Oh no – the dreaded job interview! What will you be asked? How will you respond? Will you make a complete fool of yourself?
It’s common to have these questions swilling around in your head come interview time, but there are thankfully a few ways you can settle your mind a little.
While you might expect to be hit with completely off-the-wall questions by the interviewer, in reality, you’ll probably be presented with one or several of the following most common questions.
1. Tell me about yourself…
One of the most important aspects any interviewer will be looking for during an interview is the personality of the person sitting in front of them.
What kind of person are you? What experiences have shaped both your career and the way you approach every day life?
You don’t have to delve deeply into personal details here, but an honest description of your best points and areas in which you need to improve (we’ve all got them, and revealing these will display an admirable level of honesty) will really help.
2. Why should we hire you?
What difference are you going to make to the organisation at which you’re applying for a job?
On the face of it, this is a tricky question to answer, but it’s actually linked very closely with the first question above.
Think about the personality traits, experience and qualifications you have that make you perfect for this position, and don’t be afraid to speak passionately about them.
3. What are your salary expectations?
Don’t be afraid of this question – we all go to work, in part, to earn a decent wage.
Be honest. This isn’t a trick question, and it’s designed to find out whether or not you understand what a fair reward is for your services.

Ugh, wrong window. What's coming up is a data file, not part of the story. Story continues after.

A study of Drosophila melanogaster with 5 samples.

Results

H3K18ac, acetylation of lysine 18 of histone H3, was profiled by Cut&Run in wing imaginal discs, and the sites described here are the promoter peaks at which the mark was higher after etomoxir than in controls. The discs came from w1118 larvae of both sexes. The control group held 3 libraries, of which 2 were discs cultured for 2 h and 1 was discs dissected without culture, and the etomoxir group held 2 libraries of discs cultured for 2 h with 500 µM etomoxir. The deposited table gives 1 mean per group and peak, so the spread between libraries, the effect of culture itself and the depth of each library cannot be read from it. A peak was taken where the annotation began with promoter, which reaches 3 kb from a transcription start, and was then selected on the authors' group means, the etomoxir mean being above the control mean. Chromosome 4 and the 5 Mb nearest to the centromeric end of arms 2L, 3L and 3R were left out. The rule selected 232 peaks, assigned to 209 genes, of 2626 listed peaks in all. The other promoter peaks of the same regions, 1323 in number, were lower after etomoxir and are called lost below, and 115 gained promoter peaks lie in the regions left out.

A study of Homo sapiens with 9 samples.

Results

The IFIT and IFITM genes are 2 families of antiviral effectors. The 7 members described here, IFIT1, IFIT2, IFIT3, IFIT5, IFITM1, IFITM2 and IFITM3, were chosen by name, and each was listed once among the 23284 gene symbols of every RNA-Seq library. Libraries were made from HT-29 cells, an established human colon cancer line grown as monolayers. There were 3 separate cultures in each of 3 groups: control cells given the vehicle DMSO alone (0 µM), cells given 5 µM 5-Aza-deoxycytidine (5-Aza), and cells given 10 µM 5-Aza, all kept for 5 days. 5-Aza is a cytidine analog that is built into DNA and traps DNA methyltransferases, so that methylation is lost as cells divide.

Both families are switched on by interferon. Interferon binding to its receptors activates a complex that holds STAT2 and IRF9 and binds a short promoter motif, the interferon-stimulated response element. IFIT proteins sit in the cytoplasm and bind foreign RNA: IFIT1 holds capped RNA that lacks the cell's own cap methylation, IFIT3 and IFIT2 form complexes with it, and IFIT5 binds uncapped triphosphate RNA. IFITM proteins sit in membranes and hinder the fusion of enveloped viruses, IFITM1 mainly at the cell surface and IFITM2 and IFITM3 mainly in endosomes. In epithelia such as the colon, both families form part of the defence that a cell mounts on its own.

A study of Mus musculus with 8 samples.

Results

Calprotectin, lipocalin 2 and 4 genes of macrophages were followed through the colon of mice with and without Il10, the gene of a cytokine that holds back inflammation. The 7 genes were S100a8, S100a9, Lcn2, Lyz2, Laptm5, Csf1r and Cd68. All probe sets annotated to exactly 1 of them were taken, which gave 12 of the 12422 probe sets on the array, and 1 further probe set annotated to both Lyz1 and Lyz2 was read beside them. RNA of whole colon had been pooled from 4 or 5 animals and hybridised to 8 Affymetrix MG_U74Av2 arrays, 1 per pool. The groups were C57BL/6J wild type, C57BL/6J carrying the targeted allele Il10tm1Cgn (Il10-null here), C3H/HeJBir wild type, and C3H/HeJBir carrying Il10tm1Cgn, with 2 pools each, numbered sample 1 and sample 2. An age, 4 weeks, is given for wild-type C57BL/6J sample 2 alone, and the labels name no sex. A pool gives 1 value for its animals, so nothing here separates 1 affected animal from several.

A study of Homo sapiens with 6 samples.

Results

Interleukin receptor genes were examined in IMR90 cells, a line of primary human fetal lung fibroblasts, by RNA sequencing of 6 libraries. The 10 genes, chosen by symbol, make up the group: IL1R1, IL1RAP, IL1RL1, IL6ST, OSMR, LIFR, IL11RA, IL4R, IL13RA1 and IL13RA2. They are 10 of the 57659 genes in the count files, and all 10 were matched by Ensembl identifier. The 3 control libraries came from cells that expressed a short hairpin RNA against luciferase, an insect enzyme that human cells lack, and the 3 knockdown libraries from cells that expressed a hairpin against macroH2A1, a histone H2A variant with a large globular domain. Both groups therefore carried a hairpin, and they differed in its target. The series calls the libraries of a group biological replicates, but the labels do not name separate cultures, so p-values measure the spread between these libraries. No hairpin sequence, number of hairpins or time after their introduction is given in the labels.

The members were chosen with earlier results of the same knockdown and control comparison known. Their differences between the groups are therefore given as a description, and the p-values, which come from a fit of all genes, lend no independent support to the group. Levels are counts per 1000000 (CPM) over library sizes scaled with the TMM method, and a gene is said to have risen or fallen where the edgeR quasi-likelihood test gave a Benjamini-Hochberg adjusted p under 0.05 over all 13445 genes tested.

You’re worth an awful lot, but don’t overstep the mark, either. If you do your research right, you should have a pretty good idea of the going rate for the role in question and how much your experience level is worth in relation to that.
4. Where do you see yourself in five years’ time?
“Not here” isn’t an acceptable answer, but you should be honest.
If you’re looking to develop your career and see this position as the next rung on the ladder, explain that. This doesn’t mean you’ll hot foot it and disappear in two years’ time – it means you’re ambitious and willing to seek higher positions wherever you happen to be employed.
5. Why did you leave your last job?
This of course depends on what happened at your last job. If you were fired, it’s important to be honest, because that will always come out during the reference stage. The reason for your firing should be made clear, as should your desire to learn from any mistakes made (just don’t use the word ‘fired’; opt for ‘let go’ instead).
If you left simply to further your career or because you didn’t feel fulfilled at the last place, explain why. Again, this will show that you’re go-getting and passionate about the work you undertake.
Interviews are always nerve-wracking, but you’re more likely to come across the questions above than anything completely outlandish.
Don’t over-rehearse, but keep the above questions and potential answers in your mind as you walk into that room and you’ll be armed and ready to respond in the best way possible!